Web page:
This is for Christians only. It’s about the Bible. For us, the Bible is The Authoritative Narrative.
Don’t back off this. Everyone has their authoritative narrative. Everyone has their Big Guiding Text (BGT). Whether they realize it or not.
Put another way: everyone has a worldview. Even the denial of this statement is itself a worldview. This cannot be escaped.
My BGT is the Bible. This is how it is for me, for many studied reasons. This is how it is for anyone who labels themselves “Follower of Jesus.” Jesus' life and words are supremely important. The life and words of Jesus are in the four Gospels, which find their meaning situated in the Grand Biblical Narrative (hence, the Old Testament as authoritative). Therefore, the four Gospels hold sway over my life and words.
The Bible is a heterosexual book. I have read everything relevant that claims it is not. I conclude that it just is, like it or not. If I was not a Christian I would easily conclude this. The fact that some Christians claim otherwise hermeneutically astonishes me.
Dr. Michael Brown is probably the greatest Messianic Jewish scholar today. In his book Can You Be Gay and Christian? he has a chapter entitled “The Bible Is a Heterosexual Book.” Brown writes:
“Without any doubt, the Bible is a heterosexual book. From Genesis to Revelation the Bible explicitly presents and presupposes heterosexuality as the divinely intended norm. In fact, rather than accusing the church of making LGBT people feel uncomfortable, it would be more accurate to accuse the Bible as a whole of making them feel uncomfortable.” (pp. 83-84)
See that? The issue is not about Christians who welcome but don’t affirm the LGBT lifestyle. The real issue is about the Bible as The Authoritative Narrative and, if so, what does the Bible say about the LGBT lifestyle.
In other words, take issue with the biblical text, not with Michael Brown or Christians like me. If the Bible was not my BGT then I would care nothing about what it says about anything (in the same way that atheistic authoritative narratives have no relevance to the way I live my life). But the Bible is my BGT, and “the Bible clearly presents heterosexuality as the divinely intended pattern for the human race, sanctioning sexual acts only within the context of heterosexual marriage.” (p. 84)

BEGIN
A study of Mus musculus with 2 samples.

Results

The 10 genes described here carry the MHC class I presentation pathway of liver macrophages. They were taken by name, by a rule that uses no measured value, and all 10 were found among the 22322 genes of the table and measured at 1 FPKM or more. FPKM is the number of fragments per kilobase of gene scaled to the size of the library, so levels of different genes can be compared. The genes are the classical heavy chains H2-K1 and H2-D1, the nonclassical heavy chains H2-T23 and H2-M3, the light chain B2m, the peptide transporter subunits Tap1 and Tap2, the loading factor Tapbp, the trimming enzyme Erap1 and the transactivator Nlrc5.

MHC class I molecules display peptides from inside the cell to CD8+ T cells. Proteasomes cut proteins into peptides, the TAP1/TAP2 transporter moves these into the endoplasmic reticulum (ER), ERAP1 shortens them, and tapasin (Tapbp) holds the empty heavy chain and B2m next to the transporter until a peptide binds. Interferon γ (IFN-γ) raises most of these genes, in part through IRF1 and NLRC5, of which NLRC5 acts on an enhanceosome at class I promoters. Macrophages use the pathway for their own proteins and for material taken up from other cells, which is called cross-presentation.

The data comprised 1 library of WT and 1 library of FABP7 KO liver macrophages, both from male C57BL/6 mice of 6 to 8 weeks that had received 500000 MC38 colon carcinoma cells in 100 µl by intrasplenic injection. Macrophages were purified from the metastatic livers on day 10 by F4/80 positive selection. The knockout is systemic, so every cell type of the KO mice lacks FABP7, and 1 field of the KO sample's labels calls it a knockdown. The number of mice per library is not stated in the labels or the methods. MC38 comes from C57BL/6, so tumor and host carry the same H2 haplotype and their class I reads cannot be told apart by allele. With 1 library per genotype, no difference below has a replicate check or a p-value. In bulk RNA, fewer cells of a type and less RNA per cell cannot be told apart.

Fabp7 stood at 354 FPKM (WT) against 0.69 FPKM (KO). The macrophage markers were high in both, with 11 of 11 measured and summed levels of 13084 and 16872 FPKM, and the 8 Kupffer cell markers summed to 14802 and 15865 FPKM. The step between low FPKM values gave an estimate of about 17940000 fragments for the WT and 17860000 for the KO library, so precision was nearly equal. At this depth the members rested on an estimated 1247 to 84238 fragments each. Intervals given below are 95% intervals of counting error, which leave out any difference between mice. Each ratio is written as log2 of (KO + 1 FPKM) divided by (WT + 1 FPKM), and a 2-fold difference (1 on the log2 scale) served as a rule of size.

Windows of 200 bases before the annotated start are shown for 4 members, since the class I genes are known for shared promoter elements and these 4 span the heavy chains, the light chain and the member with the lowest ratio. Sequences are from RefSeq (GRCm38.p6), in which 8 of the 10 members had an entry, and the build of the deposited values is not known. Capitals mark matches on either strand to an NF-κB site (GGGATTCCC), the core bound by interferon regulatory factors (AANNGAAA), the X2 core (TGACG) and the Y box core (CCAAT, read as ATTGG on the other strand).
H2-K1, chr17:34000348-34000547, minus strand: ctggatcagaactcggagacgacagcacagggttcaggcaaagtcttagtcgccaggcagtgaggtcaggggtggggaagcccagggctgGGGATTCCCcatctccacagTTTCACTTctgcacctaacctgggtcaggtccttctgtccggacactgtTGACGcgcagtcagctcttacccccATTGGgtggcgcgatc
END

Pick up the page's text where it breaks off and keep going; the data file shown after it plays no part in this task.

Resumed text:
This is significant because the “gay Christian” argument says this: “Although many Christians put a great emphasis on the sinfulness of homosexuality, there are only a handful of passages in the Bible that touch on the subject at all, which means it was hardly that important to the biblical authors.” (82) Note that a Christian who makes the gay argument in this way affirms the Bible as their Big Narrative. That’s good. But the reasoning is not; viz.:
- The Bible only mentions homosexuality a few times.
- Therefore, the LGBT issue is not a big deal for God (because if it was, God would have put it in the Bible many more times, for emphasis).
Brown explains the faulty reasoning behind this.
“Let’s say you buy a new cookbook featuring healthy dessert recipes, none of which use sugar. In the introduction to the book the author explains her reasons for avoiding sugar products, telling you that you will find sumptuous, sweet dessert recipes—but all without sugar. And so, throughout the rest of the book, the word sugar is not found a single time—not once! Would it be right to conclude that avoiding sugar was not important to the author? To the contrary, it was so important that every single recipe in the book makes no mention of sugar.
It is exactly the same when it comes to the Bible and homosexuality. There are a few very strong, very clear references to homosexual practice—every one of them decidedly negative—and then not a single reference to homosexual practice throughout the rest of the Bible. Was it because avoiding homosexual practice was not important to the authors of the Scriptures? To the contrary, the only relationships that were acceptable in God’s sight or considered normal for society were heterosexual relationships, so homosexual practice was either irrelevant (because it had nothing to do with the God-ordained relationships of marriage and family and society) or, if mentioned, explicitly condemned.” (p. 84)
In my next post on this I’ll highlight Brown’s textual reasoning in support of his claim that The Bible is a heterosexual book. In the meantime you can pick up the book and read it for yourself. Why not? I’ve read everything on both sides of this discussion, beginning in the early 1980s and up to the present. So has Brown, BTW.